The Yeshiva World
A hotel in Uruguay has canceled a booking for travelers after finding out that they were Israeli and had served in the IDF.
Amit Bradush, 22, and his unnamed partner claimed to receive a personal message from the hotel manager via the website which they used to make the reservation, Booking.com. The message explained that the reservation had been canceled due to the political views of the manager, who said that his own politics were “very contrary to the policies of your country.” This was reported by the El Pais website and consequently by the JTA.
“I had not seen that they were from Israel. I strongly oppose the policies of their country, they are not welcome in my house,” Buena Vista ecological resort’s owner Mauricio Pinero wrote. For his part, Pinero reimbursed the two Israeli tourists their prepayment. Pinero added that it has also been his experience that young Israeli guests who are on their post-army trek are particularly difficult guests.
“I am neither a discriminator nor an anti-Semite. The kids who come after finishing military service in Israel have a profile of celebration, arrogance and things that are not good. We work with a different type of audience. It is not a problem with anyone in particular,” he added.
The incident drew an incredible amount of social media attention in Uruguay, a country of some 12,000 Jews. Both Israeli and Jewish leaders in the country have decried the incident.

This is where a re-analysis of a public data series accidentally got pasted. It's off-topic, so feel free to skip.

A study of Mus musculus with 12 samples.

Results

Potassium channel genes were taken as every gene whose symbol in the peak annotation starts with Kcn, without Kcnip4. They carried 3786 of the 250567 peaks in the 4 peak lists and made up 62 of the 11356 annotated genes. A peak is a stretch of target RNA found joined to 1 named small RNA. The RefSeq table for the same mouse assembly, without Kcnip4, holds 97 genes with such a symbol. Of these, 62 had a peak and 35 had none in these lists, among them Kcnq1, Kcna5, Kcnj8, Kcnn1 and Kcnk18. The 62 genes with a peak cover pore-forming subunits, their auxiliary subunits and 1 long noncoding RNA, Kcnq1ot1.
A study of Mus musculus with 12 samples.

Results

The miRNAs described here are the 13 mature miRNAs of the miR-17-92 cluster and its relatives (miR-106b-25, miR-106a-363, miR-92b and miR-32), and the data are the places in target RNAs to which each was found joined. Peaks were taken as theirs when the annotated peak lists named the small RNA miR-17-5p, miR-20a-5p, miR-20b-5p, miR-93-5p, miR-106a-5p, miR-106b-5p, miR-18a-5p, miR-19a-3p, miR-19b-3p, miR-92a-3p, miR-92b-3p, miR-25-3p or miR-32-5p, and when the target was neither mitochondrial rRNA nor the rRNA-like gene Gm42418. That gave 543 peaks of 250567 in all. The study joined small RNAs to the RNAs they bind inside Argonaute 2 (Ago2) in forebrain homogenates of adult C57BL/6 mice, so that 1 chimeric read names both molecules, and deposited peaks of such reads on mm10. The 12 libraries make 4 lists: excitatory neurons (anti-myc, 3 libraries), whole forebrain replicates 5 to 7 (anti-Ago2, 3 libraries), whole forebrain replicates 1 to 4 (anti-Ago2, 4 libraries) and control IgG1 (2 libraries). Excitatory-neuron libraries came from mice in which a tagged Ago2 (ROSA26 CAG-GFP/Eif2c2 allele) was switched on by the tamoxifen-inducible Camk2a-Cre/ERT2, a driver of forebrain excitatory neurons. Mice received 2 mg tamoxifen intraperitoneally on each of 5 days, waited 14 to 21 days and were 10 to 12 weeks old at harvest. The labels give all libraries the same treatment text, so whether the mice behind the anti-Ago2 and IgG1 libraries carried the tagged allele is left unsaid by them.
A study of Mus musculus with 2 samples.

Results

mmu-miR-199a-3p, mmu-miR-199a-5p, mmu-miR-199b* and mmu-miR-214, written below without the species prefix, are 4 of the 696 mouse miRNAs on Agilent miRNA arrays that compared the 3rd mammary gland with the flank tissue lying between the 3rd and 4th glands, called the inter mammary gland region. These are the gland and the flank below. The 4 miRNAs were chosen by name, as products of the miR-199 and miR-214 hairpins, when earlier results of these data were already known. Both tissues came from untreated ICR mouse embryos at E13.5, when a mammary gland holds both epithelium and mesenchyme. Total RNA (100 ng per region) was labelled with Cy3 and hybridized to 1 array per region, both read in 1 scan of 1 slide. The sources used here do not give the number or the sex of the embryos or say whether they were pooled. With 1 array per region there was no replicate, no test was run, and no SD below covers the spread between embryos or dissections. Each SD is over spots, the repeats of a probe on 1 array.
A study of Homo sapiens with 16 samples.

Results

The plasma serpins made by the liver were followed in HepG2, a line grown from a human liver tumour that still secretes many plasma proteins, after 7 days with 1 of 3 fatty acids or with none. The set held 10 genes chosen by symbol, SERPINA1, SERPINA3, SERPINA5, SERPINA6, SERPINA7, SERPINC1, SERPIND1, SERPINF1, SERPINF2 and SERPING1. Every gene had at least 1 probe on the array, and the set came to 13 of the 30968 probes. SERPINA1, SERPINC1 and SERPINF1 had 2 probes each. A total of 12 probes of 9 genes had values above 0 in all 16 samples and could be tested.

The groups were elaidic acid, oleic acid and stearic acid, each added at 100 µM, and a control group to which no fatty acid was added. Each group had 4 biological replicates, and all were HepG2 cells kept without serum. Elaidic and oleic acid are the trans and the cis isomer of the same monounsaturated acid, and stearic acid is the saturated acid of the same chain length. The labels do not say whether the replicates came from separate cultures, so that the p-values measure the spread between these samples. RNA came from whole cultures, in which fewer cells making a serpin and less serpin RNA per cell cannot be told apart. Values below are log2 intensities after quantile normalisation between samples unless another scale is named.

“We repudiate what happened with two young Jews who were not admitted to a hostel in Barra de Valizas because they came from Israel,” read a statement released by the Comite Central Israelita, Uruguay’s umbrella Jewish organization. “Our society is pluralistic and diverse. Let us not allow isolated facts to distill malice, spreading prejudice and bad intention.”
Booking.com announced on Monday it was removing the Buena Vista hostel from its website, after confirming that the Israeli couple had been the victims of discrimination.
“As soon as we were made aware of this case, we immediately reached out to the customer, offered to cover the costs they incurred in finding an alternate place to stay, and have removed this property from our site,” a representative from Booking.com said, in response to a complaint against the hostel lodged by an international Jewish advocacy group, the Simon Wiesenthal Center (SWC.)
Uruguay’s Minister of Tourism Liliam Kechichian said the incident is “totally inadmissible” and will be investigated. “In Uruguay, it is not acceptable to discriminate on the grounds of religion. We hope that Israeli tourists will continue to visit Uruguay and enjoy the beauty of the country,” she said.
Israeli ambassador Nina Ben Ami said of the incident: “It is an unpleasant case of discrimination against Israeli citizens, based solely on their identity. It was not based on the political opinion of the tourists, the owner of the hostel did not even know the couple, it seems a case of blind prejudice and I hope it is an isolated case.”